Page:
MOSCOW, Feb 22 (Reuters) - The United States is concerned by greater alignment between China and Russia, the U.S. State Department said on Wednesday after Russian President Vladimir Putin hailed "new frontiers" in ties with Beijing and signalled China's Xi Jinping would visit his country.

Word of Xi's visit comes as Washington has said China is considering providing weapons for Russia's war in Ukraine, a move that would threaten to escalate the conflict into a confrontation between Russia and China on the one side and Ukraine and the U.S.-led NATO military alliance on the other.

Putin welcomed China's top diplomat, Wang Yi, to the Kremlin on Wednesday, telling him bilateral trade was better than expected and could soon reach $200 billion a year, up from $185 billion in 2022.

"We await a visit of the President of the People's Republic of China to Russia, we have agreed on this," Putin told Wang, referring to Xi.

"Everything is progressing, developing. We are reaching new frontiers," Putin said.

U.S. State Department spokesperson Ned Price said Wang's visit to Russia on the eve of the war's one-year anniversary was further evidence of Beijing's alignment with Moscow.

"We are concerned because these two countries share a vision," Price told a press briefing. "It is a vision ... of an era in which big countries could bully small countries, borders could be redrawn by force, an era in which might could make right," he said.

"We have not yet seen the PRC provide Russia with lethal aid, but we don't believe they've taken it off the table either," Price added.

Russia's Tass news agency cited Wang - who held a separate meeting with Russian Foreign Minister Sergei Lavrov - as saying China would "firmly adhere to an objective and impartial position and play a constructive role in the political settlement of the crisis" in Ukraine.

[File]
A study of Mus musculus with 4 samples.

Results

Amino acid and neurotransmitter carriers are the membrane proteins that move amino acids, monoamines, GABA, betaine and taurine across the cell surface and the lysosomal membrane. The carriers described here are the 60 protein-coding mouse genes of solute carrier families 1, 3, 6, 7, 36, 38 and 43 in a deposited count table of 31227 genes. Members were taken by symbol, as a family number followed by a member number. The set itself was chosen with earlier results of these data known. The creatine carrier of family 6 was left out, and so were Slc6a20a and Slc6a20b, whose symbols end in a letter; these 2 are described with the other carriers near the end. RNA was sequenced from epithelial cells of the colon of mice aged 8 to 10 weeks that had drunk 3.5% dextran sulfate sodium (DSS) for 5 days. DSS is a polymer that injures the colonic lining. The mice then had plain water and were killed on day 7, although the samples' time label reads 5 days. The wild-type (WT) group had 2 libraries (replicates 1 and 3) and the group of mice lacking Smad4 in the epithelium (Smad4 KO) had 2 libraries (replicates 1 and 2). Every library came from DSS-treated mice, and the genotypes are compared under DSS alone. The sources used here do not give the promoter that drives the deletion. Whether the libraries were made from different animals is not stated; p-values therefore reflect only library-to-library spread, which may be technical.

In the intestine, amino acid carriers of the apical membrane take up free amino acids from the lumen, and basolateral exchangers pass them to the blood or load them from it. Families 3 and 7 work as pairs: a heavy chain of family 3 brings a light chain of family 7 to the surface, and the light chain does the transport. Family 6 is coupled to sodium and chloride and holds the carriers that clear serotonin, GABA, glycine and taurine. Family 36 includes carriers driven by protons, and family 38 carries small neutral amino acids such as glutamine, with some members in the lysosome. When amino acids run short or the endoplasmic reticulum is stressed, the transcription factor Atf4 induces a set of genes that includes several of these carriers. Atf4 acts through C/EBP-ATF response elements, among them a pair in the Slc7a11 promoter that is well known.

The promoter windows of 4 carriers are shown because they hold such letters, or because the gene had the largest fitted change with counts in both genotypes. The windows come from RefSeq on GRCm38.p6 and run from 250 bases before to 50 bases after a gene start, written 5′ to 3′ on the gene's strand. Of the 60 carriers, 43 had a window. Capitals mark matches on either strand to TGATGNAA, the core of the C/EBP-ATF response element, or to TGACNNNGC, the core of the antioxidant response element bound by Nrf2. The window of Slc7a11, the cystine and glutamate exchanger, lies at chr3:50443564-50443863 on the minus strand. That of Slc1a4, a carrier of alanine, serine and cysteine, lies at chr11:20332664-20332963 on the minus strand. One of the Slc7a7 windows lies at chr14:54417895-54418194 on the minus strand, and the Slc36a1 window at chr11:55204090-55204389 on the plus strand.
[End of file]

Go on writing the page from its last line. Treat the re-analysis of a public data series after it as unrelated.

The Russian foreign ministry said it welcomed China taking a more active role in resolving the conflict and said it valued China's "balanced approach". But in a separate statement, the ministry said Lavrov and Wang had not discussed a reported Chinese peace plan.

For Putin, China's big-power support amid the biggest confrontation with the West since the height of the Cold War allows him to cast Russia's isolation in the West as a tilt towards Asia.

Wang told Putin that relations between the two countries had withstood a volatile international situation.

The relationship between China and Russia, Wang said through an interpreter, was not directed against any third party but equally would "not succumb to pressure from third parties" - a clear jab at the United States.

"Together we support multi-polarity and democratisation in international relations," Wang told Putin.

When Xi met Putin face to face just before Russia sent troops into Ukraine in February 2022, they sealed a "no limits" partnership that triggered anxiety in the West.

Russia is now more dependent on Beijing than ever and is a junior partner to a resurgent China, which already leads in many 21st century technologies.

U.S. Secretary of State Antony Blinken on Saturday warned Wang of consequences should China provide lethal support for Russia's invasion, something Beijing has denied doing.

After Blinken's warnings, which he gave without evidence, China said the United States was in no position to make demands.

Xi has stood by Putin during the conflict in Ukraine, resisting Western pressure to isolate Moscow. Chinese-Russian trade has soared since the invasion, and China is Russia's largest buyer of oil, one of the key sources of revenues for Moscow's state coffers.